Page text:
Thursday, June 28, 2012

America's Secret Police

Carlos Montes at the NATO
protests in Chicago.
Carlos was a co-founder of the
Brown Berets in 1967.
It was an honor talking with Carlos. He described the 5:00 am raid on his house last fall by an FBI led swat team that broke down his door and pointed guns at his head.

His crime? He had a conviction for supposedly throwing a can at a policeman during a Chicano rights march back in 1969. That meant that a registered firearm he kept in his house was actually illegal.

Break down someone's door and threaten his life over something that happened 40 years ago? There have been times when I have been ashamed of my country, and this was to be one of them.

Carlos was more sanguine. He told us about a book he was reading on the Palmer Raids, commenting that the FBI has been doing this for a long time. In fact he had expected it, especially when his name was found on FBI papers left at another activist's house that had been raided. The "can incident" was a frame up as well. He had never done it.

It is just difficult living in a country that preaches free speech while its secret police are running around trying to intimidate those who exercise their right to dissent. It goes against everything we have ever learned about America. The ugly truth at the bottom of a pile of lies.

Carlos has seen the beast up close, and it has never stopped him from speaking out about Chicano rights or about the plight of the Palestinians. We must give up our fantasies about the benevolence of our leaders and learn, like Carlos, to resist.

Friday, June 22, 2012

When the Bankers are the Crooks


Jonathan Bix and Schuyler Kempton talked to us about how social change will happen in America. Jonathan is a student at Vassar and Schuyler is still in high school. We had them discuss the issues together because we were eager to hear what the next generation was thinking about social change. 
Jonathan, representing the foreclosure movement in Occupy Poughkeepsie, thought that getting involved in the two party system was counterproductive, although there were some differences between candidates. Schuyler was less optimistic; he rejected the capitalist system that had created the two party monster.
I was struck by our discussion of values and morality. Both students had rejected the notion of following the laws as dictated by the major corporations. Throwing families out of their houses isn't moral even though the banks, the courts, and the media contend that it is. Of course, the banks are anything but legal themselves, pushing bad mortgages on the poor, and then forging paperwork to throw families out on the street. The revolution will come from exposing and confronting the criminal system that we have now, one based on profit rather than on human needs.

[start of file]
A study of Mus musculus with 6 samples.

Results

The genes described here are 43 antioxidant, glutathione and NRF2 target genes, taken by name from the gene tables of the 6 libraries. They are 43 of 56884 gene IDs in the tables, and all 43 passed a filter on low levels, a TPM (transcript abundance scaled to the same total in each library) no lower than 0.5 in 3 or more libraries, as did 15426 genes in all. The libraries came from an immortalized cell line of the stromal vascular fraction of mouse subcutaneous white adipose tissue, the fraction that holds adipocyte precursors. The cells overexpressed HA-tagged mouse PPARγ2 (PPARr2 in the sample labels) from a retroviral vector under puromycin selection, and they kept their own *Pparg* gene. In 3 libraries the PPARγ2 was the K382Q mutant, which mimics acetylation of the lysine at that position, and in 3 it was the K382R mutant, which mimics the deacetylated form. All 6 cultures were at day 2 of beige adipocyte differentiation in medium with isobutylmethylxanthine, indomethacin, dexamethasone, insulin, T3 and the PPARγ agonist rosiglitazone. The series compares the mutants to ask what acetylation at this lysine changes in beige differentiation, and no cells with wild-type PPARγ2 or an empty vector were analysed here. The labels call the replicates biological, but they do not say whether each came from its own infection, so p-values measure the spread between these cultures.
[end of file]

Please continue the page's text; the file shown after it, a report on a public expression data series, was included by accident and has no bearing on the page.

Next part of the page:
Thursday, June 14, 2012

Is It Possible Without Corporate Cash?


Joel has the right ideas about labor and the environment, and he believes what he says.

Obama says the right things but every time you turn around, he is doing the exact opposite. He transcends lying; he is simply a well paid actor, ready to try any role to stay in power.

So is our system broken when such candidates succeed? And does that mean Joel Tyner has no chance at all? He has no cash, and doesn't take donations from corporations. Can he be successfully in what America has become, a cesspool of the greedy and well connected.

Vote for Joel, and let's see.

Thursday, June 7, 2012

Life Affirming Kindness


My guest today was Ron VanWarmer, Associate Director of the Food Bank of the Hudson Valley. He was pretty careful not to talk about things like the hundreds of billions wasted on wars in the Middle East. Or about bailing out rich people's banks.

His job is to feed an awfully lot of hungry people in the Hudson Valley, and I could tell that he didn't want politics getting in the way of corporate donors. To me it was an indication of why the nation's food banks should be supported by our government and not have to rely on corporate generosity. Like everything, the corporations give a little while subtly controlling the message. Here the message should be the obscenity of families going hungry while the filthy rich shake down the rest of us. Once dependent of corporate giving, however, the message becomes how we can all pitch in together to solve this horrendous problem. Whose fault is that problem? The Food Banks can't really say on the radio.

In the end, I apologized to Ron for pushing him to talk about politics. And I can see his point. "Giving food," he said, "is a worthy act in itself." The bigger picture often excludes small acts of kindness. And working for the Food Bank of the Hudson Valley is such a kindness, a life affirming giving of oneself.